Twisted Sisters

Sir Anthony Hopkins in "Silence of the Lambs." Sharon Stone in "Basic Instinct." Richard Hatch in "Survivor." Add one more performance to this list of devilishly charming but murderously evil characterizations: Jen Meharg in "The Secretaries," the first offering this season from the Richmond Triangle Players (RTP). As a predatory, vicious and manipulative office manager, the strikingly attractive actress provides the pitch-black heart at the center of this sinister comedy. If you can make it through the play without feeling queasy, "The Secretaries" will have you laughing down dark corridors of your soul that you've never visited before.

Meharg plays Susan Curtis, the ice-maiden manager of a pool of secretaries who grovel obsequiously at her feet. They all work at the Cooney Saw Mill, the only gainful employment available in Big Bone, Ore. While Susan is the most twisted of these sisters, she is supported by a cast of equally peculiar pals. Dawn (Polly Griffin) is a lascivious lesbian apparently always on the prowl. The gun-toting office busybody, Ashley (Kristen Swanson), seems ready to go postal any minute. And poor good-natured Peaches (Donna Coghill) gets lost and left out, the only full-figured member of the nearly anorexic crew.

Into this estrogen-laden pool jumps newcomer Patti (Michele Morris), desperate to fit in but soon wary of the police-statelike policies that Susan has in place. She realizes that the giddy girl talk hides a mysterious maliciousness, and it's not long before she knows why the sawmill can't seem to go 29 days without a fatal accident.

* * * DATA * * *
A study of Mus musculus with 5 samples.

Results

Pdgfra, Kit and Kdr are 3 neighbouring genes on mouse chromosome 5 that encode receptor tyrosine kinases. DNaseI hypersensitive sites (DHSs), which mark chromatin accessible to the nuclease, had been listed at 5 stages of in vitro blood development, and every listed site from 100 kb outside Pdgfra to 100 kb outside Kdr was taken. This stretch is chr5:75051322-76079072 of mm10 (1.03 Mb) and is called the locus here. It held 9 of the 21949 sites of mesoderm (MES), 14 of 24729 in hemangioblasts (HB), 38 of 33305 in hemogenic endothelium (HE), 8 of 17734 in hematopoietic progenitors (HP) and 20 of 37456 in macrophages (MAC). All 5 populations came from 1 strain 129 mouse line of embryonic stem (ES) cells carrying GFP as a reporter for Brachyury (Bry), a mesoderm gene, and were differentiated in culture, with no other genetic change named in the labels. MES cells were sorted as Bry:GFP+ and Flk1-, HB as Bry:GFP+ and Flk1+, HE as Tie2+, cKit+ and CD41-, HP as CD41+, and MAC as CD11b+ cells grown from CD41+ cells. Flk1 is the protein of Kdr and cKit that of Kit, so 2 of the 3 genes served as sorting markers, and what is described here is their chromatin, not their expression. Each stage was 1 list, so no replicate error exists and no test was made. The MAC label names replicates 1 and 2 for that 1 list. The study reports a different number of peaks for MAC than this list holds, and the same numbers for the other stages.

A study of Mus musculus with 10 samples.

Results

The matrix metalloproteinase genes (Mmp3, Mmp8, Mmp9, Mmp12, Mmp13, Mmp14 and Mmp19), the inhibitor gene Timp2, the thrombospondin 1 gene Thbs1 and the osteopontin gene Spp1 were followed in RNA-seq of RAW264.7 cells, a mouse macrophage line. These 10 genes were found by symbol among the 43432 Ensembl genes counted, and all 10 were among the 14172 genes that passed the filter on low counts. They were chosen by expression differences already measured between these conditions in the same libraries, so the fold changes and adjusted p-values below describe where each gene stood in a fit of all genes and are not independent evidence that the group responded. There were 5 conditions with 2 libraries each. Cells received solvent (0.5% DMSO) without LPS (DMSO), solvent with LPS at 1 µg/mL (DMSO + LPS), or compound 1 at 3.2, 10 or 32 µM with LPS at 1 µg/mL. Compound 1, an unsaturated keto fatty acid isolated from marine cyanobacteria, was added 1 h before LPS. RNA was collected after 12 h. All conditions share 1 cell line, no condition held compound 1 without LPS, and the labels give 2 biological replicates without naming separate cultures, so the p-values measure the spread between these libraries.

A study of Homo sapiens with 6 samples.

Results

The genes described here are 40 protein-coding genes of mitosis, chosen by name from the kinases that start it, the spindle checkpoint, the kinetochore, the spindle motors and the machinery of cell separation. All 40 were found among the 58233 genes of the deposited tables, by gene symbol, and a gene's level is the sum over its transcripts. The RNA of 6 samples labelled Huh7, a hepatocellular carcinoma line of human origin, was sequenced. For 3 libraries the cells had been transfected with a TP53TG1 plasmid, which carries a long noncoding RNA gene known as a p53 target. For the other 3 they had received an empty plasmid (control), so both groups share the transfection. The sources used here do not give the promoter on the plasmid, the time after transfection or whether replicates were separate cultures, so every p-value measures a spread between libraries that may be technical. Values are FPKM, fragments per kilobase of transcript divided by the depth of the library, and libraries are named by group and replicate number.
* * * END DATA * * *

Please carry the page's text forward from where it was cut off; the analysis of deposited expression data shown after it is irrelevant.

Though this is all played with campy breeziness, there is some awesome acting going on in the midst of the mayhem. Meharg grabs the most attention with her whipsaw changes between seductive sweetheart and fire-spitting tyrant. But as the neophyte Patti, Morris has the subtler acting challenge, modulating in stages from reluctance to outrage to eagerness. Griffin makes for an adequate leering lesbian, but is actually more genuine in her dual role as Buzz, Patti's doomed boyfriend. And while Swanson chews the scenery as her character turns flamboyantly envious of Patti, Coghill is forced to make her impressions in small moments. Her dejection at being passed over in a scene of female bonding is comically sad.

As written by a little-known quintet called the Five Lesbian Brothers, "The Secretaries" shows catty office politics blown monstrously out of proportion. Director Amy Berlin wisely keeps the show's farcical elements rooted in the relationships between the five main characters. She also cleverly incorporates scene changes into the action so the pace never flags. Steve Austin's bold sound design is as full-bodied as John Knapp's scenic design is efficient. All together, Berlin creates an atmosphere that's charged with emotion while remaining oddly antiseptic, reminiscent of the old "Twin Peaks" TV show.

Just like that show, "The Secretaries" has plenty of flinch-inducing moments, including a too-realistic collection of used tampons and a blood-drenched finale. But "Twin Peaks" never had a villainess who was as alluring and as vile as Susan Curtis. If you think you can take the heat, I dare you to walk into her office.